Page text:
David A. Katzenstein, MD
1952 –2021


We are deeply saddened by the sudden passing of Dr David Katzenstein, a leader in HIV research beginning in the very days of the HIV pandemic and valued scientific and educational contributor to the IAS-USA efforts.

David Katzenstein was born in Hartford, Connecticut, on January 3, 1952. David was a clinical investigator and humanitarian who made seminal contributions to our understanding of HIV virology, antiretroviral therapy, and drug resistance, especially in Sub-Saharan Africa. David did the bulk of his training at the University of California San Diego (UCSD), completing his undergraduate, medical school, residency and infectious diseases (ID) fellowship there. He then went to the University of California Davis (UCD) for further training in ID and served as an Assistant Clinical Professor of Medicine in the ID Division at UCD as well as the University of Minnesota. While at UCD he established a long-standing relationship with the Department of Medical Microbiology at the Godfrey Huggins School of Medicine at the University of Zimbabwe, becoming one of the first US-based HIV researchers to commit to working in this region of the world. After a 2-year position as a Senior Research Fellow in the Laboratory of Retrovirus Research, Center for Biologics Evaluation and Research at the US Food and Drug Administration, David joined the faculty at Stanford University as an Assistant Professor of Medicine in the infectious diseases division in 1989, working with Dr Thomas Merigan and Dr Mark Holodniy on HIV drug resistance. At Stanford, he led the Advanced Technology Laboratory and was Associate Director of the Clinical Virology Laboratory.

During his tenure at Stanford, David led several pivotal studies in the AIDS Clinical Trials Group (ACTG) and was a member of the HIV Disease Research Agenda Committee. He published many seminal papers on antiretroviral therapy, such as the ACTG 175 study published in the New England Journal of Medicine, as well as studies of genetic insertions as a cause of multi-drug resistance to nucleoside analogue reverse transcriptase inhibitors. He has authored hundreds of scientific papers, in collaboration with investigators from around the world.

Within the IAS-USA, David was one of the original members of the IAS-USA Antiretroviral Guidelines Panel, which published its first report in the Journal of the American Medical Association in 1996, as well as of the IAS-USA Resistance Guidelines Panel. He was a popular and frequent speaker at IAS-USA seminars and conferences on issues related to antiretroviral resistance, drug resistance testing, and the use of viral load in clinical practice.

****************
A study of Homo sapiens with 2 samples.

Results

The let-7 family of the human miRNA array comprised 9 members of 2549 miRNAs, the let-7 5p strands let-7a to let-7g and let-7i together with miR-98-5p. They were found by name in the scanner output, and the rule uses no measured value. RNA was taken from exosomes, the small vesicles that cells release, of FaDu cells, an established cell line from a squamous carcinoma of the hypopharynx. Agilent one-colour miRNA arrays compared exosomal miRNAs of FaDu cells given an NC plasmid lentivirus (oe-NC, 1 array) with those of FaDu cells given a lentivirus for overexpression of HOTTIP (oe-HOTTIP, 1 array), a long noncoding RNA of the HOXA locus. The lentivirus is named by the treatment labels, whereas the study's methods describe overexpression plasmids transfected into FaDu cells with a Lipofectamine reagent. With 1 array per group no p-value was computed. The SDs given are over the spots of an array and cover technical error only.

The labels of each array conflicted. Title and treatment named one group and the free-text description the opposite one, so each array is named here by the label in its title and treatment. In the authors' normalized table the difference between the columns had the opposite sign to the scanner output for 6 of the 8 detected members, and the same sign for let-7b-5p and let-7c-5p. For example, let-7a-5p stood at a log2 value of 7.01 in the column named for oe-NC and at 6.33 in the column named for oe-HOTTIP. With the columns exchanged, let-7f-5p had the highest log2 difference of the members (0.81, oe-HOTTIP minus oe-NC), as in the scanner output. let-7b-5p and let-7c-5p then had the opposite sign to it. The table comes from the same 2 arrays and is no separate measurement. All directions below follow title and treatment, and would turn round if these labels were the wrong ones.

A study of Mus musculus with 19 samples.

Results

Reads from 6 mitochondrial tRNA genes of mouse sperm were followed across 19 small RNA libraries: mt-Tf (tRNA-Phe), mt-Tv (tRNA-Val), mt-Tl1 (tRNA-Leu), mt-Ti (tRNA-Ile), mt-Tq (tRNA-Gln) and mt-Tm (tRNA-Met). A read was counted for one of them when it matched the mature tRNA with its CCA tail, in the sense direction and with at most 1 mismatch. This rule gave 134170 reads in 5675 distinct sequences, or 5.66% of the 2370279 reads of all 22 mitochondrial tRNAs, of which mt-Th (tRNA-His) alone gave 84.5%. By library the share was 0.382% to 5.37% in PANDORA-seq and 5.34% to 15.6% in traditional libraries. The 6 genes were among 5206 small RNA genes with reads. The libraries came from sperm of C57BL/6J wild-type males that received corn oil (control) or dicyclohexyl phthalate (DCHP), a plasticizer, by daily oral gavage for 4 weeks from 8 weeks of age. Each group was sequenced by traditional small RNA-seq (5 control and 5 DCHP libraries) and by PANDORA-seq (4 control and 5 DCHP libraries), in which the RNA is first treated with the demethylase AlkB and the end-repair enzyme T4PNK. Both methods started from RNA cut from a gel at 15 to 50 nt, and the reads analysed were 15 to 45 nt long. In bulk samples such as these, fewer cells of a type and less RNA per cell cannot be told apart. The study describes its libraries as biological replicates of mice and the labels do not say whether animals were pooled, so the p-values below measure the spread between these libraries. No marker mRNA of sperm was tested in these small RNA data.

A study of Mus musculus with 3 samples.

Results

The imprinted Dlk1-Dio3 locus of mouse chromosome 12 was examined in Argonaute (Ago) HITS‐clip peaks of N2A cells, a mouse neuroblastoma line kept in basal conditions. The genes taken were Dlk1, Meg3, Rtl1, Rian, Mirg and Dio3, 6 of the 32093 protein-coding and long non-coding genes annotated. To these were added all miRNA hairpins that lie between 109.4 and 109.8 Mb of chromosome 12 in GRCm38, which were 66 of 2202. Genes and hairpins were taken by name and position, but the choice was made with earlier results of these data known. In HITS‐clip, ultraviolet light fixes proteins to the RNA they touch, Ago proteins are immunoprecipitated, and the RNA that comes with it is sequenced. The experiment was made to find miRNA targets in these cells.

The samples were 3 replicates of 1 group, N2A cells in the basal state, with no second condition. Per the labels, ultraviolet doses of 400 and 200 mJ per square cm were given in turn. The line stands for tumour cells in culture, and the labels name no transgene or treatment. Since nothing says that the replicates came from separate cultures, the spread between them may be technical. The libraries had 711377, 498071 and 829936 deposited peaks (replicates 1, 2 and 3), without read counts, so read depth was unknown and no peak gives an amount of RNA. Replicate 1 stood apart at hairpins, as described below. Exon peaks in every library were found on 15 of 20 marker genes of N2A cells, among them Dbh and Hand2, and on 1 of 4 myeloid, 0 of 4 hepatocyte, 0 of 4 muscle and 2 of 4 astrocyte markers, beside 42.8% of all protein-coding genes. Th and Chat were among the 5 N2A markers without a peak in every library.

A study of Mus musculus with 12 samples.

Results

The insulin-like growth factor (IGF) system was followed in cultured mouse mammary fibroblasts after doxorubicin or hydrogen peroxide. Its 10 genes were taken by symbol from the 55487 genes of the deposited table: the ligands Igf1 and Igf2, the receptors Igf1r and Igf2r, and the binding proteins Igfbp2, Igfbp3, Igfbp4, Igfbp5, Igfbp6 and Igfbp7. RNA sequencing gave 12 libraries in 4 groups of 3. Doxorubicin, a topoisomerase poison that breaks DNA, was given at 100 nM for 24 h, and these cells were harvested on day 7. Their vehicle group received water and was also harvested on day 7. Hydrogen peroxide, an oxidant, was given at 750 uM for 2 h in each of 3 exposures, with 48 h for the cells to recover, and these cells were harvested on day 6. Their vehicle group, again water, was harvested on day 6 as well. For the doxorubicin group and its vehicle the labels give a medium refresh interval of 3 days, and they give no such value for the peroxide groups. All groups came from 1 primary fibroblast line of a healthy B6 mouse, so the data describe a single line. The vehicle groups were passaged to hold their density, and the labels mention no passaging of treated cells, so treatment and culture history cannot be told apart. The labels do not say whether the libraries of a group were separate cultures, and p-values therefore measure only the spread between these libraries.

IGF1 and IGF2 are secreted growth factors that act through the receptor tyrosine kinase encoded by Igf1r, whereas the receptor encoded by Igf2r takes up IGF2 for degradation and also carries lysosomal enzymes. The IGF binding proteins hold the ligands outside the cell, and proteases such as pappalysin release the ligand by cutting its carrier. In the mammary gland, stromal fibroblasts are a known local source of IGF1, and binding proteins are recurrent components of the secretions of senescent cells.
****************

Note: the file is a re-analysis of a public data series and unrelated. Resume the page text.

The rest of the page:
As valuable as all of his contributions were in the area of HIV virology, resistance, and antiretroviral therapy, his most lasting contributions were in Zimbabwe. David was a passionate advocate for access to antiretroviral therapy and virologic testing in Sub-Saharan Africa for 3 decades. The amount of time he spent living in country reveals his commitment to his passion for treatment and care in Zimbabwe. His initial work in Zimbabwe focused on the epidemiology of Kaposi’s sarcoma and rapidly evolved to include HIV epidemiology and therapeutics. Indeed, he was in Zimbabwe on an extended stay at the time he became ill and died from complications of COVID-19.

On a personal level, David was considered a friend to so many of his professional colleagues. Apart from being admired for the depth of his expertise and his dedication to supporting career development among younger faculty, David is also remembered for his ease in forming friendships and sharing them with others, his sharp sense of humor, and his warm welcome to visitors to Harare. He enjoyed showing the HIV research and outreach programs there as much as sharing the cultural, artistic, and physical beauty of the otherwise troubled Zimbabwe. He was an avid collector and supporter of the Shona sculpture art movement in Zimbabwe. In the words of so many, David was the true definition of a mensch.

David’s legacy in Zimbabwe will remain for decades to come and his contributions to deepening the scientific understanding of HIV virology, antiretroviral therapy, HIV drug resistance, and HIV-RNA testing will forever be recognized in the annals of HIV Medicine. May his memory be a blessing.